As we count down the days until the start of a new decade, it’s a good time to reflect on this year’s events, including ones that have increased our sense of urgency for environmental concerns. Here at CBE, our research team is celebrating number of important milestones along our path to improve the way buildings are designed, operated and occupied. In this blog post we highlight some of our accomplishments from 2019.
Two buildings that demonstrate excellence in architectural design and sustainability, and are well liked by building users, have been recognized with Livable Buildings Awards by UC Berkeley’s Center for the Built Environment. Bluestone Elementary School of Harrisonburg, Virginia, by a design team led by VMDO Architects, received the top award. The jury also conferred an honorable mention to HGA’s office relocation in San Francisco. The award results were announced at CBE’s industry advisory board meeting last October.
CBE’s newest industry partner, CallisonRTKL, understands that buildings have significant impacts on human health, natural resource use, environmental quality and climate change. They have partnered with CBE, as they believe that without forward-thinking research, today’s high-performance buildings would not be designed, and tomorrow’s regenerative buildings would never be conceived.
KieranTimberlake, an award-winning Philadelphia-based architecture firm, joins CBE as an industry partner. Throughout its 35-year commitment to advancing the field of architecture, they have paired research with design. Their practice is transdisciplinary — out of 100 full-time staff, 14 are dedicated to its Research Group and represent the fields of ecology, chemistry, physics, anthropology, materials engineering, and architecture.
Building standards and conventional practice are all about ’reducing the negative‘ — but what if the goal is to ’enhance the positive‘ instead? Aiming to create environments that are not only comfortable and healthy, but are connected to nature, provide a sense of place, and are a delight to be in. Designing for experience requires us to embrace a broader view of experiential aesthetics, going beyond the primacy of vision to recognize broader sensual qualities that contribute to the beauty and memorability of space.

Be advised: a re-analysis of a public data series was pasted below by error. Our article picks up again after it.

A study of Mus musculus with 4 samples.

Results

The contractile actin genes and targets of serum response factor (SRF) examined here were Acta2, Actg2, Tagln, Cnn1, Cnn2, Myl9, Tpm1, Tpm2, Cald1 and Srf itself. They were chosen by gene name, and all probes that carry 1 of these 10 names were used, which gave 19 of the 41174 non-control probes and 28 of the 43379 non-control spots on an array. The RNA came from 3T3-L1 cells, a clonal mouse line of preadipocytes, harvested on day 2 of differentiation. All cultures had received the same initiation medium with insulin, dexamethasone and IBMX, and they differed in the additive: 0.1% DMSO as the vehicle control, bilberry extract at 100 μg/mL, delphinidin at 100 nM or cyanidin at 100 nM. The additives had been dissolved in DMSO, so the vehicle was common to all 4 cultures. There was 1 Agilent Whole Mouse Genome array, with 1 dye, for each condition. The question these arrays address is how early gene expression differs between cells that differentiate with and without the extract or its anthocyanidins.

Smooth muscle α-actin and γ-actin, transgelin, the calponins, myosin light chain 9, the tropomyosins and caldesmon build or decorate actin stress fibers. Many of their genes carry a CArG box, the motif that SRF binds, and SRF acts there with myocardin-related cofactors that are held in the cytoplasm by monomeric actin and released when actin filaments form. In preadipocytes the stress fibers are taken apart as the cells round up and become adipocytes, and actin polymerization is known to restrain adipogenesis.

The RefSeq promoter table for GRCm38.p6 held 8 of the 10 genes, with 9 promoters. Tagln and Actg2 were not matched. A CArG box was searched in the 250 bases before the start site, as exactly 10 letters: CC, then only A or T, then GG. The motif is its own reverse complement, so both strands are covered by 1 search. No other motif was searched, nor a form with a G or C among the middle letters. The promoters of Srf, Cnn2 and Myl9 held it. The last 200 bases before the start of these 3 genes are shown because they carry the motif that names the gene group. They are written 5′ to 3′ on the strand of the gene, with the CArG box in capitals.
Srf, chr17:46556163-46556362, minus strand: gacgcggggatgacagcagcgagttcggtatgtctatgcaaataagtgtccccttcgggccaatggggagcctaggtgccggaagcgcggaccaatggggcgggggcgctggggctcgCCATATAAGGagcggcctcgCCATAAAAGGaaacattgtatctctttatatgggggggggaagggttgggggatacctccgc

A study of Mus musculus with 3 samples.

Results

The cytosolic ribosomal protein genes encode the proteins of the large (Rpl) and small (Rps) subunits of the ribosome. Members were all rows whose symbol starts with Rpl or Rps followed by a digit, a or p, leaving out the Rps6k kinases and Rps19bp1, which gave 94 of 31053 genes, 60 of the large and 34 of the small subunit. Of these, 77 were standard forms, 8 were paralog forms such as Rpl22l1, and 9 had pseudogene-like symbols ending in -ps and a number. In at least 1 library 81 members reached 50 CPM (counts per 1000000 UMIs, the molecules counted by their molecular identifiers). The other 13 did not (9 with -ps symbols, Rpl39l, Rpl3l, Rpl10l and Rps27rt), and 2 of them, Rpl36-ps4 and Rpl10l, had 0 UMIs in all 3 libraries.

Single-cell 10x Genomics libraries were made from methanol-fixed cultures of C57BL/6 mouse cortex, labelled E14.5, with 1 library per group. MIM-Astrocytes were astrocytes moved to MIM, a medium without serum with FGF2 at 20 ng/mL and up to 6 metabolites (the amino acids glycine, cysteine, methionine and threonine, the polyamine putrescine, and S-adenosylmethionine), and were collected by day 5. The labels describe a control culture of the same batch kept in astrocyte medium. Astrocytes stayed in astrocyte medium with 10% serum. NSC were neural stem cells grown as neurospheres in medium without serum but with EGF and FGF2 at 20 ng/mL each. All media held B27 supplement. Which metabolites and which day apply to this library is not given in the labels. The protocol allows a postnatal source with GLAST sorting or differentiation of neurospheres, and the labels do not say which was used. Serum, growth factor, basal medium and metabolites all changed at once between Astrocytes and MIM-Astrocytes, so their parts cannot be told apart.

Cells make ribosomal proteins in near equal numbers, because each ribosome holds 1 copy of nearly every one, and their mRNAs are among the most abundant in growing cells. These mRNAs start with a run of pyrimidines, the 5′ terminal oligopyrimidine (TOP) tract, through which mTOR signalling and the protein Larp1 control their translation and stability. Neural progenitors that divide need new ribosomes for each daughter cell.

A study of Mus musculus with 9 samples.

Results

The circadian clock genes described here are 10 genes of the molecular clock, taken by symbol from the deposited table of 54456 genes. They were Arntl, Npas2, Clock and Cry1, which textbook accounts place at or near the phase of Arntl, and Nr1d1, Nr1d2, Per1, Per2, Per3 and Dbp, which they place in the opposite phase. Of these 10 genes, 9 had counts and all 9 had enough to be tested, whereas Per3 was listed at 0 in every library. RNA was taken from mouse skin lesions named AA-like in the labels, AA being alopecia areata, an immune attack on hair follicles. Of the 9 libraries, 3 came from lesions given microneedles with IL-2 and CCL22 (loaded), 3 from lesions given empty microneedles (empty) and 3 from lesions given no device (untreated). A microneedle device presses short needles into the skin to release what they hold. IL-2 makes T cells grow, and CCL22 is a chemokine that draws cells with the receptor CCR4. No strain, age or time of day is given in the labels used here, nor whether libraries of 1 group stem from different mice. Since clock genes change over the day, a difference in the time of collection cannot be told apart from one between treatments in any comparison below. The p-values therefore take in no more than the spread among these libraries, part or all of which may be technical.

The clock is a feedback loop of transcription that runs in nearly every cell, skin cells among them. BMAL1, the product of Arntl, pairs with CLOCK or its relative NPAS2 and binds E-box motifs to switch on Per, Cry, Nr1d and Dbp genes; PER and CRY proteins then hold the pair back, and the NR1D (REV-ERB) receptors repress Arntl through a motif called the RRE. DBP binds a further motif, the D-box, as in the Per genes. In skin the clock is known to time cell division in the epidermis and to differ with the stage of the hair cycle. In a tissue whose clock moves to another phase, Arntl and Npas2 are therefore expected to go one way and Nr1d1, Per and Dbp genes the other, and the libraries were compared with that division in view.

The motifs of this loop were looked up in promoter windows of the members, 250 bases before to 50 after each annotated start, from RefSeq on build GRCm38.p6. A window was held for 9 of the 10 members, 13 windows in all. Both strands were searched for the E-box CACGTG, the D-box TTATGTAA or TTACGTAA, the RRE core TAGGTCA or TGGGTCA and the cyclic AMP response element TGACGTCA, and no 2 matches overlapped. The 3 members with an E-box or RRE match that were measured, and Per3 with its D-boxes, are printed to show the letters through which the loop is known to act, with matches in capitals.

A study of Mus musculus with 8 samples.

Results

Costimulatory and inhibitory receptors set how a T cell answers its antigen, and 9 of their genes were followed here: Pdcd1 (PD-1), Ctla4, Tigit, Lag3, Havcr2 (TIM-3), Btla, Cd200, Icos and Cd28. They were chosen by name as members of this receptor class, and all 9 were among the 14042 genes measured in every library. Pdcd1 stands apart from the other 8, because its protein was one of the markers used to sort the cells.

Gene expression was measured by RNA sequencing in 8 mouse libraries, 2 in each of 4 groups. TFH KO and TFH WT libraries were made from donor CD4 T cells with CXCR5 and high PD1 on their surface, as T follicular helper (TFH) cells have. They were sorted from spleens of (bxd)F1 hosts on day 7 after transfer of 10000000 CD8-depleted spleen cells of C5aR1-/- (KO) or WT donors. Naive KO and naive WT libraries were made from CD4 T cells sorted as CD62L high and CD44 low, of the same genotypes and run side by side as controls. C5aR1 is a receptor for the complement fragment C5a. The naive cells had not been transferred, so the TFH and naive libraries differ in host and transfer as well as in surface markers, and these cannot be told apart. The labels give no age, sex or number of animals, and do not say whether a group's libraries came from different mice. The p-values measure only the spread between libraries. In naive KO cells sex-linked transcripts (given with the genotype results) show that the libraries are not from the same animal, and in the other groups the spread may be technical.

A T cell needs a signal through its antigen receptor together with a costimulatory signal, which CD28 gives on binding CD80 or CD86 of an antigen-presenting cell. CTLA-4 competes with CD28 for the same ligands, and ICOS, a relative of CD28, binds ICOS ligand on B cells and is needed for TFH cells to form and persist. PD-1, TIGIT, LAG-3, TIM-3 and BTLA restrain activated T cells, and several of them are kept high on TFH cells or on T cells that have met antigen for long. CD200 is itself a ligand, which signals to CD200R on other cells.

The diversity of CBE’s industry consortium is unique and beneficial to our work, as these perspectives inform the center’s directions and research portfolio. This fall CBE welcomes new leadership who will help to guide the research team and represent the interests of CBE industry consortium members. In this post we talk with the new Partner Chair Andy Reilman and our new Partner Vice-Chair Isabelle Lavedrine.
Biophilia — humans’ innate love of nature — is an idea that has inspired wide-ranging research on the benefits of human connection with nature. So how do we translate this wealth of research knowledge into making buildings that capture the benefits of nature? CBE and SERA Architects are jointly developing a biophilia option for CBE’s occupant survey to evaluate the impact of biophilic features in existing workspaces.
Innovation is all about answering the question: “What if?” For example, what if we could transfer the latest research for monitoring and controlling building environments to vehicle environments? Questions like this are driving the future of mobility for Lear Innovation Ventures, a new CBE partner focused on accelerating the pace of innovation and collaboration around autonomous, connected, electrified and shared mobility trends.
During the 2018 fires, CBE used previously-installed sensors in two University buildings to understand and evaluate building resilience to urban scale air pollution, quantifying particle penetration to the indoors from outdoors. The low-cost Internet of Things (IoT) PM2.5 sensors were accompanied by a survey of the building occupants, with questions focused on changes in their behavior, perceived air quality, self-reported productivity and health symptoms.
This year marks the 25th anniversary of the publication of a seminal paper from Rocky Mountain Institute, “Greening the Building and the Bottom Line,” making the case that green buildings’ unique features may improve employee productivity. Since then interest in this topic has remained strong, and several studies by CBE and others have contributed to our collective understanding of workplace productivity; in this post we describe our related work with a focus on key variables.